Stanford Supports Bill to Make Jet Fuel From Wood


Here’s the latest from from the House Democrats about the bill 1st LD State Representative Derek Stanford is proposing:

While some people may see branches left over from logging or sawdust and wood chips from lumber mills as mere waste, State Rep. Derek Stanford sees it as a source of fuel—jet fuel, no less. So he’s sponsoring a bill to move one step closer to that goal.

“This biomass-to-fuel initiative will spur investment in new technology for renewable energy. This is exactly what we need to generate new green jobs and reduce our dependence on fossil fuels, which is critical for our energy security and for the environment,” said the Bothell Democrat.

The 2009 Legislature passed a law authorizing the Department of Natural Resources (DNR) to move forward its Forest Biomass Initiative through biomass-to-energy demonstration projects in different parts of the state. Then in 2010, the Legislature passed another measure that enabled DNR to enter into long-term forest biomass supply agreements to ensure sustainable development of the industry.

This session, Stanford’s bill would take the next step by authorizing DNR to get a pilot scale, bio-aviation facility up and running. Stanford’s measure would allow DNR to continue moving its Forest Biomass Initiative forward and position Washington as a leader in en emerging biomass for jet fuel industry.

“We have an amazing opportunity to combine two traditional Washington industries: the aviation and forest sectors,” said Commissioner of Public Land Peter Goldmark. “By doing so we can sustainably manage our public lands, create innovative industries and jobs, and improve our environment.”

The bill would also create an expert panel to develop a strategy for a woody biomass supply chain for aviation fuels and report back to the Legislature its findings on:

  • Existing and potential sites for bio-aviation fuel production in the state.
  • Sustainable supply volumes.
  • Jobs that can be created through the development of this industry.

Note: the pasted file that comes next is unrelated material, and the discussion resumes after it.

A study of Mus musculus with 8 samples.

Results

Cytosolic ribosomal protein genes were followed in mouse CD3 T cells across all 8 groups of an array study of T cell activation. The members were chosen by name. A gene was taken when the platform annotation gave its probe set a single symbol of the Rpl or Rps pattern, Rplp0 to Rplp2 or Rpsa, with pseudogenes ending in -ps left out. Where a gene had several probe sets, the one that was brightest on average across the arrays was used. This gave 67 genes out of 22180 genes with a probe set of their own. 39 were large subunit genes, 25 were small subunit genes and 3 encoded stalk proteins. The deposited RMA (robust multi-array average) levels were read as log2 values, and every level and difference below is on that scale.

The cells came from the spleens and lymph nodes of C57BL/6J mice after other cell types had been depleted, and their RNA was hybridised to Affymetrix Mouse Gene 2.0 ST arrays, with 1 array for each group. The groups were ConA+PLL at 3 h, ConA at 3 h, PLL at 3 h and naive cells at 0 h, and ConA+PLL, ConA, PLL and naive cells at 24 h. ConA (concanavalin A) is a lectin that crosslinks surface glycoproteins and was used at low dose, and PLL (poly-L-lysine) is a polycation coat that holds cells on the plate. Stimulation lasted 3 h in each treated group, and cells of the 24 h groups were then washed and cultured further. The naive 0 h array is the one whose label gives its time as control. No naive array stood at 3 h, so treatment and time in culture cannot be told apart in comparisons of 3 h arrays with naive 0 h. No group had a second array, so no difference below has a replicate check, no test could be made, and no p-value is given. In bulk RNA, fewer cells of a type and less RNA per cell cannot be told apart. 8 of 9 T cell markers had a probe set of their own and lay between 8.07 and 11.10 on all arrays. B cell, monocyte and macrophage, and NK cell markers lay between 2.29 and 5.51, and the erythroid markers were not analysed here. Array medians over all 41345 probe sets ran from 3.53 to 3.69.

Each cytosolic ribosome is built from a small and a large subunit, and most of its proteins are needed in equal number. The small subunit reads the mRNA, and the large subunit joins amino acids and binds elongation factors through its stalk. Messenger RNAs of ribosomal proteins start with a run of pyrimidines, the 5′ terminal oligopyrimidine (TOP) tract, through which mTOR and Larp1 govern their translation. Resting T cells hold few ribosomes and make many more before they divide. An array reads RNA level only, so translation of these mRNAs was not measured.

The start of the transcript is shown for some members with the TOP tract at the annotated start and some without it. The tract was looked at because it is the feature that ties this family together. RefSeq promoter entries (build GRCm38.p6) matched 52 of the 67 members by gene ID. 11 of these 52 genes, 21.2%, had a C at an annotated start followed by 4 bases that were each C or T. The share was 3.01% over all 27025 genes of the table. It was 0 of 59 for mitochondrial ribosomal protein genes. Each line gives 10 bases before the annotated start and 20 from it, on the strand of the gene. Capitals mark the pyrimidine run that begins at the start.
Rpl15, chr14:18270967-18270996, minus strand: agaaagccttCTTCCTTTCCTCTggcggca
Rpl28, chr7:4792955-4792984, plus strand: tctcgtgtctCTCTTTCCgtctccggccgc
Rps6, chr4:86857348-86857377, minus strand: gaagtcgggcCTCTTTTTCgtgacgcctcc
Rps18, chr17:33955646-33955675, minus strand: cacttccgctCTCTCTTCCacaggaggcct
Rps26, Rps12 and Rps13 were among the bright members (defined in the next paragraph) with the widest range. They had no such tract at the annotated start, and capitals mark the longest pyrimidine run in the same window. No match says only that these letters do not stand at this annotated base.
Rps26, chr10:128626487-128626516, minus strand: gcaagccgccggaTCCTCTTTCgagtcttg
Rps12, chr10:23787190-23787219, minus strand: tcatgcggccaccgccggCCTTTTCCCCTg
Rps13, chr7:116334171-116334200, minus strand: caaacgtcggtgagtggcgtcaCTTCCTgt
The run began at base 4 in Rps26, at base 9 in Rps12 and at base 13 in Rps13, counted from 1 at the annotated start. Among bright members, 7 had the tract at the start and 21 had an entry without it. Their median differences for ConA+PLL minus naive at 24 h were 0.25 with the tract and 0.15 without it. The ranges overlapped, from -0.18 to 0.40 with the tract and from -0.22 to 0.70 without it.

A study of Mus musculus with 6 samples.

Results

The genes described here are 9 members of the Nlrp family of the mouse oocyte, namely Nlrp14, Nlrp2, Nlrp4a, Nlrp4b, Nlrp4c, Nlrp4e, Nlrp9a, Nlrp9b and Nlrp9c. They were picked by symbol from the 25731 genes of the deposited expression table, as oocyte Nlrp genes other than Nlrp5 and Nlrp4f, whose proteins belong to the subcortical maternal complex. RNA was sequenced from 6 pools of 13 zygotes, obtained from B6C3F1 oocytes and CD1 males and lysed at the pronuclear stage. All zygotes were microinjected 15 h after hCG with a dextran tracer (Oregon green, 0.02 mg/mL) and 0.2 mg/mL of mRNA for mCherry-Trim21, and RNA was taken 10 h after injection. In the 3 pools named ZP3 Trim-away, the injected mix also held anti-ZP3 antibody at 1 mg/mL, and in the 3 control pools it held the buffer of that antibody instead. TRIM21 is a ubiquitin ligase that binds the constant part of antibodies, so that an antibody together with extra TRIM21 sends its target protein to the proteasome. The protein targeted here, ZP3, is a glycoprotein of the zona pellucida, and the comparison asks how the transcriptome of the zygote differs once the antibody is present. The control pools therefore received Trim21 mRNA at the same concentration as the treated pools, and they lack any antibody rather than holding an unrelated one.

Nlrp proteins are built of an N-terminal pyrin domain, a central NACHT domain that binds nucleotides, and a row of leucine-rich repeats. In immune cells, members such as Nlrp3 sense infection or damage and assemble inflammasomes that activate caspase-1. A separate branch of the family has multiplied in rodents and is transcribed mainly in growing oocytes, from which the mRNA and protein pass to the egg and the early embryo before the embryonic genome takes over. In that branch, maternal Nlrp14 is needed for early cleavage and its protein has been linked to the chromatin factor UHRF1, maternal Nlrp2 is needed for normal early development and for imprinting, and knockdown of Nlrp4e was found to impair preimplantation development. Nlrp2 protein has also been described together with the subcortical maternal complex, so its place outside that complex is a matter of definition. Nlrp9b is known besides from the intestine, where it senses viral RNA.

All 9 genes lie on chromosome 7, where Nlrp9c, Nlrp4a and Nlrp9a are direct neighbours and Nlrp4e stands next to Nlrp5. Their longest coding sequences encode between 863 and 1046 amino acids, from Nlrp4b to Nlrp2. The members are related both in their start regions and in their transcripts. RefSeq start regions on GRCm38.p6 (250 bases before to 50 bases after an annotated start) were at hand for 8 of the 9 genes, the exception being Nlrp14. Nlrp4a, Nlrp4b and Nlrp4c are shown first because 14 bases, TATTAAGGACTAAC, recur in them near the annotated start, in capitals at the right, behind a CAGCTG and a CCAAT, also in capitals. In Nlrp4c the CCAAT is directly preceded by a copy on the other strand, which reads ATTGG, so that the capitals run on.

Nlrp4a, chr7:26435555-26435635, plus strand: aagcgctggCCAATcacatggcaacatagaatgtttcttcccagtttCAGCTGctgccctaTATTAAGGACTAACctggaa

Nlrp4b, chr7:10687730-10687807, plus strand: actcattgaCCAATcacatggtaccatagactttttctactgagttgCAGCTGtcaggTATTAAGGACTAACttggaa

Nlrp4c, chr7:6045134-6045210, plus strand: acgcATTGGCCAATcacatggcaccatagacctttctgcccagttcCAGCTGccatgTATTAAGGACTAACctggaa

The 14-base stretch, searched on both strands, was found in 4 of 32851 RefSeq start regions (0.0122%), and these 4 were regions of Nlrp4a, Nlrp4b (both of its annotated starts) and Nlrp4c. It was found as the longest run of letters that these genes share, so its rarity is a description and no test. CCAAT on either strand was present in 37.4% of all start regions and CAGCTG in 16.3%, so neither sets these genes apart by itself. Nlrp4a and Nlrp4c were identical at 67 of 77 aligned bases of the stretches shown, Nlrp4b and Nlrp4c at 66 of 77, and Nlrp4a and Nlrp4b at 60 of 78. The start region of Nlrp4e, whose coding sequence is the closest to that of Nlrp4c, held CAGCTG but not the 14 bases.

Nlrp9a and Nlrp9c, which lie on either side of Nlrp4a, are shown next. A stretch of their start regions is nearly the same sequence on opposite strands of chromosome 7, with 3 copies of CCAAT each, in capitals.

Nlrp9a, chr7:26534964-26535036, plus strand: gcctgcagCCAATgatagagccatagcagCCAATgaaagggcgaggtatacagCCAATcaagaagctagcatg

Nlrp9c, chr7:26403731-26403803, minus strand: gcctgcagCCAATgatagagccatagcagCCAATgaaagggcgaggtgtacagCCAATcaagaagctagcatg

• Opportunities for state and federal collaboration.
  • Funding opportunities for the demonstration project.
  • Identify further legislative action to facilitate the development of a forest biomass-to-aviation fuel sector.
  • Identify state and other resources that could be used to accelerate the supply chain development.

“This legislation is good for the aerospace industry and good for the environment,” Stanford added. “It’s a win-win for Washington with no cost to the state budget.”

Stanford said jet fuel is the way to go because its consumption has more than doubled in the United States over the past 25 years, growing from 32 million gallons per day in 1974 to 72 million gallons per day in 2000, declining to 68 million gallons per day in 2002. The Bothell lawmakers also pointed out that jet fuel makes sense because:

  • 2.2 billion people fly every year (over the last decade passenger traffic has grown by 45%)
  • Airplanes transport 35% of all international trade in goods annually.
  • The aviation industry is responsible for 2% of global anthropogenic GHG emissions.
  • Bio-derived fuels offer the prospect of significantly lower CO2 emissions from a lifecycle perspective compared to fossil-based jet fuel.

Aviation is a vital contributor to our state and our nation’s economies, and to global and regional economic recovery efforts,” said Boeing Commercial Airplanes Vice President of Environment and Aviation Policy, Billy Glover. “Working closely with the Department of Natural Resources and others, we are identifying creative pathways to a renewable fuel supply that can reduce carbon emissions, ensure sustainable aviation growth and position Washington and our nation for continued prosperity well into the future.”

Stanford’s HB 1422 is scheduled for a public hearing in the Technology, Energy and Communications Committee tomorrow, Tuesday, February 1, 2001 at 10 a.m. in House Hearing Room B.


  1. My thesis in graduate school was based on the potential of developing the woody biomass industry for energy, as Rep. Standford is asking. It makes sense in terms of reducing carbon emissions, mitigating climate change, and reducing the number of catastrophic wildfires. There are a lot of cons to utilizing woody biomass if it’s not done right. The biggest is ensuring that you don’t transport the material long distances and add more carbon emissions than would be reduced by using the alternative fuels. 50 to 100 miles is ideal. Also, this is not about cutting old growth and wilderness areas. It’s about using slash piles in logged areas and reducing fuels in overgrown areas. I focused my research in Oregon so I’m curious as to how Washington plans on implementing it.